Tips to Start Your New Year Job Search
Thinking that maybe 2016 will be the year of the new job? Then you’re going to want to start planning now for your big exodus. Here’s a little advice, don’t start it off by flinging resumes all across the landscape willy-nilly before you take care of a few maintenance items.
Here are a few tips to start your New-Year Job Search:
GET YOUR RESUME READY
This means not only on paper but on-line and in plain text (for inclusion in attachments). It also means one-page, concise, spelling checked and having it reviewed by someone who will provide you brutally honest feedback. Remember, marbled textures, cool colors and funky typefaces are out. Crisp, clean and confident is what gets you noticed.
PLEASE GET A GROWN-UP EMAIL ADDRESS
Because of throughput issues, Hotmail, MSN and Yahoo email addresses aren’t suitable for a job seeker. And, your “firstname.lastname@example.org” is NOT a professional email address. Use an adult email address on all job-related correspondence and make sure it’s on your resume. It’s also a good idea that all your friends have it, so they can use it when they’re making introductions between you and possible job-search contacts.
FIGURE OUT HOW TO RETRIEVE MESSAGES
If you don’t already know how, figure out how to collect messages on your phone remotely. Please ditch the cute kid message or the clever one that impresses your college friends. If you’re using a home phone machine make sure it’s reliable, or get a separate number for your job search.
ORDER JOB-SEARCH BUSINESS CARDS
You can get free business cards – even if you’re already employed – at www.vistaprint.com for use in your job search (no kittens or hot-air balloons). If you know it, include the position you’re looking for, three bullet points about your skills and education, and phone and email contact information.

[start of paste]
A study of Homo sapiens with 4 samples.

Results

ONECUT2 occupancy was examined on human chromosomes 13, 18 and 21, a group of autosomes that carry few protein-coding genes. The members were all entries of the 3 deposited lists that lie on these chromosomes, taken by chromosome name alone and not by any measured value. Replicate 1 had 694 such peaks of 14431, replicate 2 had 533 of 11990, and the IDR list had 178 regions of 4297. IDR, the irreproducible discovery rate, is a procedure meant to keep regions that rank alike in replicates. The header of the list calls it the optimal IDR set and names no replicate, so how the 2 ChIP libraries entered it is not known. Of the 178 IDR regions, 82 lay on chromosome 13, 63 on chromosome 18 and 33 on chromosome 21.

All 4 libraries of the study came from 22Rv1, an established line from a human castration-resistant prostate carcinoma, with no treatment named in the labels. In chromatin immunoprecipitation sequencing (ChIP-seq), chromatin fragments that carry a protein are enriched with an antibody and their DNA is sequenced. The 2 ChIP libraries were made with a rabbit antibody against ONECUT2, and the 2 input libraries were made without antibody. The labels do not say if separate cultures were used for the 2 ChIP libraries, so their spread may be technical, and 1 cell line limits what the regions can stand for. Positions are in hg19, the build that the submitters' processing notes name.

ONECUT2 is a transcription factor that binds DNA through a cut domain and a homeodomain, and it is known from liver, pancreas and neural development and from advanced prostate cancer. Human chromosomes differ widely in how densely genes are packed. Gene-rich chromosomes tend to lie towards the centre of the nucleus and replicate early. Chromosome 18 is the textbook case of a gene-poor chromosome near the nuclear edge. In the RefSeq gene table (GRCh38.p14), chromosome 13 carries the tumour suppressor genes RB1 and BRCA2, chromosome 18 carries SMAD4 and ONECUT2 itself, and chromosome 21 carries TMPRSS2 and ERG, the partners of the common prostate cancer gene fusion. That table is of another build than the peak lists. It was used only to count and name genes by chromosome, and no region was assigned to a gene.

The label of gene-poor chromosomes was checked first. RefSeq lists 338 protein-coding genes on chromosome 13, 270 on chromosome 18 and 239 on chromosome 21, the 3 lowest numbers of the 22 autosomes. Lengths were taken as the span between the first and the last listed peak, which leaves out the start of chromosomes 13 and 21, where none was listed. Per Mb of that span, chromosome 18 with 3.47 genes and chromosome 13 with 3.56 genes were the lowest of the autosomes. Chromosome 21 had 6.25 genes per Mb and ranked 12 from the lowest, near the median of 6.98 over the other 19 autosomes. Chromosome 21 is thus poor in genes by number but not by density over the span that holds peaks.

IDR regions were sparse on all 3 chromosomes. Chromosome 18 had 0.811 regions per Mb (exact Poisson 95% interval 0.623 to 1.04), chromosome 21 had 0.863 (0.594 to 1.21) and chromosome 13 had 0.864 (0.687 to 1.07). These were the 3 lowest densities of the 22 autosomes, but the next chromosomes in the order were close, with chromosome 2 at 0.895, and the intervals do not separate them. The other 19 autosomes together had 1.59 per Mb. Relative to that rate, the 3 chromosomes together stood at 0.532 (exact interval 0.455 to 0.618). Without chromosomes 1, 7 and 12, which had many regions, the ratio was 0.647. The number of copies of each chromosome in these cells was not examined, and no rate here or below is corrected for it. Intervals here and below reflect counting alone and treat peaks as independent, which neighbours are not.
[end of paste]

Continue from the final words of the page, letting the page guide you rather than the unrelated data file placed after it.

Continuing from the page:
If you’re not online already – get online!!! Networking sites like LinkedIn are extremely useful when searching for a new job.
USE YOUR COLLEGE CONNECTIONS
Your alumni network is a powerful tool that you shouldn’t underestimate, even if you graduated from school twenty years ago. In many cases, schools have databases of grads that you can search for people in companies or industries you’re interested in – then all you have to do is pick up the phone and call them!
At least once a week, go to one face to face networking event. Use Google to learn about them – bring your job-hunting business cards (not your resume) and start chatting! Practice starting conversations and sustaining them, focusing on the other person.
SHARPEN YOUR PITCH
Your pitch should take two forms: a verbal 20-second introduction, and an Objective statement on your resume. What are you good at? What have you done? Where have you worked? What do you want to do next? When people ask you “What sort of job are you looking for?” you want to be able to quickly and enthusiastically describe your ideal situation.
TELL ANYONE WHO WILL LISTEN THAT YOU ARE LOOKING
Everyone except your boss, that is. Tell your college friends, your neighbors, and all the people you’ve ever worked with whom you’re still in touch. Don’t contact people you haven’t spoken to in 5 years. Your job search knows no boundaries – networking is THE best way to get a new position.
EMAIL YOUR NETWORK
Create a great “here’s-what-I’m-looking-for” email message, and send it to everyone in your address book – except those who might rat you out to your boss – and – make sure you bcc everyone on the list so it doesn’t look like you’re mass mailing. Ask them to keep your job search in mind during their New Year networking – and offer to do THEM a favor, too – reciprocity is essential!
Remember after the New Year, companies are hiring so it’s a great time to jump into a job search.